Filippo Osella was about to launch a precise early weather-warning system the fish workers badly need
Extreme weather events have made fishing a dangerous occupation along Kerala’s southern coast — at least one local fisherman dies every week, according to the state disaster management authority.
An early weather-warning system would go a long way in saving the lives and livelihoods of the area’s fishing communities. And that’s what English researcher Filippo Osella was on his way to launch, till he was stopped from entering the state in the early hours March 24, 2022.
Osella was visiting to attend a two-day conference to discuss the final stages of the weather forecasting mechanism in local coastal dialects — a mix of Malayalam and Tamil, said a meterological scientist from Thiruvananthapuram.
His deportation without citing any reason sparked a global debate but also brought his contributions to the safety of Kerala’s fishing community in the limelight.
The anthropologist with the University of Sussex arrived in Kerala 40 years ago for his doctoral research on the social mobility of the state’s Ezhava community. Since then, he has initiated several projects to uplift the life of the rural people dependent on fishing.
The latest was a system of generating accurate, timely and localised coastal weather forecasts, on which he is working with a diverse team of researchers. The mechanism is now in the implementation stage, with an online application ready to be rolled out, according to one of the scientists involved with the project. “An internet radio will disseminate the daily weather forecast in an easily digestible format,” they said.
There are more than 180,000 active traditional fishers in Kerala, of whom 50,000 live in the Thiruvananthapuram district, according to state government estimates.
“Coastal families are dependent on the daily sale of fish. Available statistics suggest that 50 per cent of fishing households remain below the poverty line,” said Ajith Shamghumukham, a fish worker in Thiruvananthapuram.
On monsoon days with rough weather conditions, the workers go fishing as fish are more abundant and competition is less as trawlers are banned, according to experts.
Climate change has made weather patterns on the southwest coast more unstable and unpredictable throughout entire year, according to researchers associated with Osella. This, combined with fluctuations in fish stocks and COVID-19 fishing bans, has significantly reduced the number of fishing days available to traditional fishers, thus contributing to a sharp decline in their revenues over the last two years, they added.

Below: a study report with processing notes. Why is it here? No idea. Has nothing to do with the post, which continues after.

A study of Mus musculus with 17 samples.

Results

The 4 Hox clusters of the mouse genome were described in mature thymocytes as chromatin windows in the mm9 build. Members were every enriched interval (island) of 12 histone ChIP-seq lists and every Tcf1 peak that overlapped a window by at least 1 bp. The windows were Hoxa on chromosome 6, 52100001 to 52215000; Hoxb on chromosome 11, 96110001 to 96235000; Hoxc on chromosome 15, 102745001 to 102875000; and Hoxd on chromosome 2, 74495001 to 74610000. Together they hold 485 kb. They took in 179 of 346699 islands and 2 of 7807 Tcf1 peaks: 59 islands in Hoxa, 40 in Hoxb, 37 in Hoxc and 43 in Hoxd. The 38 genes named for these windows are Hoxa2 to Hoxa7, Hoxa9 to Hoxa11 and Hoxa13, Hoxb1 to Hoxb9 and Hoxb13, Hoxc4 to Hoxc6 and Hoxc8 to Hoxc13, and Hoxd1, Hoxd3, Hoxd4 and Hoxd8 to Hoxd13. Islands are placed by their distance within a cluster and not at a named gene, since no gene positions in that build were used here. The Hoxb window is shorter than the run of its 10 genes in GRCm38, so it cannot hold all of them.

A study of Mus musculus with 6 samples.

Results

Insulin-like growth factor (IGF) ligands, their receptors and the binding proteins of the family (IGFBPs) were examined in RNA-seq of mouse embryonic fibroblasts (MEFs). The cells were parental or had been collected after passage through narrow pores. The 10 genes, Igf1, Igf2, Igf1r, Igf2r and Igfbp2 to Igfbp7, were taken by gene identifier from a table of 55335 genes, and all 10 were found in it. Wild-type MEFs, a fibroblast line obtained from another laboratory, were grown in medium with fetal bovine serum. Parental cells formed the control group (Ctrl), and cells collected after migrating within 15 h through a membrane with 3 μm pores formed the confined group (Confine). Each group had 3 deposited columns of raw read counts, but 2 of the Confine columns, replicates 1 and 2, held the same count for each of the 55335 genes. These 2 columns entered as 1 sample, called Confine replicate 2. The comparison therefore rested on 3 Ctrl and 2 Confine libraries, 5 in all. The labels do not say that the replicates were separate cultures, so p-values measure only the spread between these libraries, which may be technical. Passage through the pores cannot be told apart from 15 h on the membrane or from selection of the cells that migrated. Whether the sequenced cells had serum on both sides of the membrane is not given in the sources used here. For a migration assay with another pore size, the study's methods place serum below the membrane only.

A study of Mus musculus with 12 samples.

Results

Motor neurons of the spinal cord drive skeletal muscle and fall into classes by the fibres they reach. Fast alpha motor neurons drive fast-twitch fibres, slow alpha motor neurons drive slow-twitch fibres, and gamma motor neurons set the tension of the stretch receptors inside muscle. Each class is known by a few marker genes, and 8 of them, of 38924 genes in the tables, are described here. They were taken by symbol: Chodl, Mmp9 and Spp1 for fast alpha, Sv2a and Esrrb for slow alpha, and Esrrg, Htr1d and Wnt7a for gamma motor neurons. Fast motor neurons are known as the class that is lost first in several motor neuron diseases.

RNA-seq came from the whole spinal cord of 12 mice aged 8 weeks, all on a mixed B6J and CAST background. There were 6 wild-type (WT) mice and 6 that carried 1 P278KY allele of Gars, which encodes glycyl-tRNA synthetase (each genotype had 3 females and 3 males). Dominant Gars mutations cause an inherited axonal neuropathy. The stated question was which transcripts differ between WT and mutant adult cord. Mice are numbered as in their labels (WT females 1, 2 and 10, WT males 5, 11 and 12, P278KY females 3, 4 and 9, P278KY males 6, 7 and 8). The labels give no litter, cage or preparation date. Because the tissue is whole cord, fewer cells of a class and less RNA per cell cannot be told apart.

“Extreme weather events and human factors that aggravate them necessitate precise weather forecasts,” said J Devika, social activist and academic. “Osella was the first to understand that pressing need.”
He was clear that weather bulletins must be coproductions involving both fishers and climate forecasters, according to those associated with Osella in his mission.
The anthropologist started focusing on extreme weather events, which has now engulfed the Arabian Sea, in 2017 when Cyclone Ockhi wreaked havoc in the region.
Ocean researcher AJ Vijayan said:
As weather-related accidents are increasing drastically on the Western Coast in recent years, he attempted to ensure accurate, accessible and actionable forecasts for seafaring fishers. High ocean waves and sudden variations and uncertainties of weather have necessitated it.
A multi-disciplinary research team comprising social scientists, physical geographers, atmospheric and marine scientists and media experts have worked with him on this project. Scientists and researchers from Cochin University of Science and Technology and the University of Sussex were part of the mission.
Agencies including the India Meteorological Department, the Indian National Centre for Ocean Information Services, the Kerala State Disaster Management Authority and the Indian Institute of Technology (IIT), Delhi were also involved in the project funded partly by the UK government and approved by the Union government.
They collected robust empirical evidence over the last 18 months on fishing practices along the Thiruvananthapuram coast and detailed data on weather patterns at sea.
“The fishing community needs the works to be carried forward without being labelled as something against the government’s wishes," said Vijayan.
The deportation of Osella and the harsh treatment meted out to him by officials are raising questions about the future of the research project. This has evolved as a ray of hope for the local fishing communities.
Researchers and fish workers associated with Osella believed the doubts would soon be cleared, and he would be permitted to continue with the ongoing task.
"Osella stood for decentralised weather forecasting for Kerala’s traditional anglers, and he visualized it to promote safety at sea. He also advocated sustainable livelihoods and resilience to climate change in the case of fish workers," said Shamghumukham.
Kerala is Osella’s second home. His long commitment to the region goes much beyond the fish workers of the region.
Over the years, he had learned Malayalam and studied the state’s popular religious practices, temple festivals and deity worship. He had also written a book on masculinity in the state, researched on the consequences of Malayali migration to the Gulf countries, Muslim entrepreneurs in the state and the region's Islamic reform movements.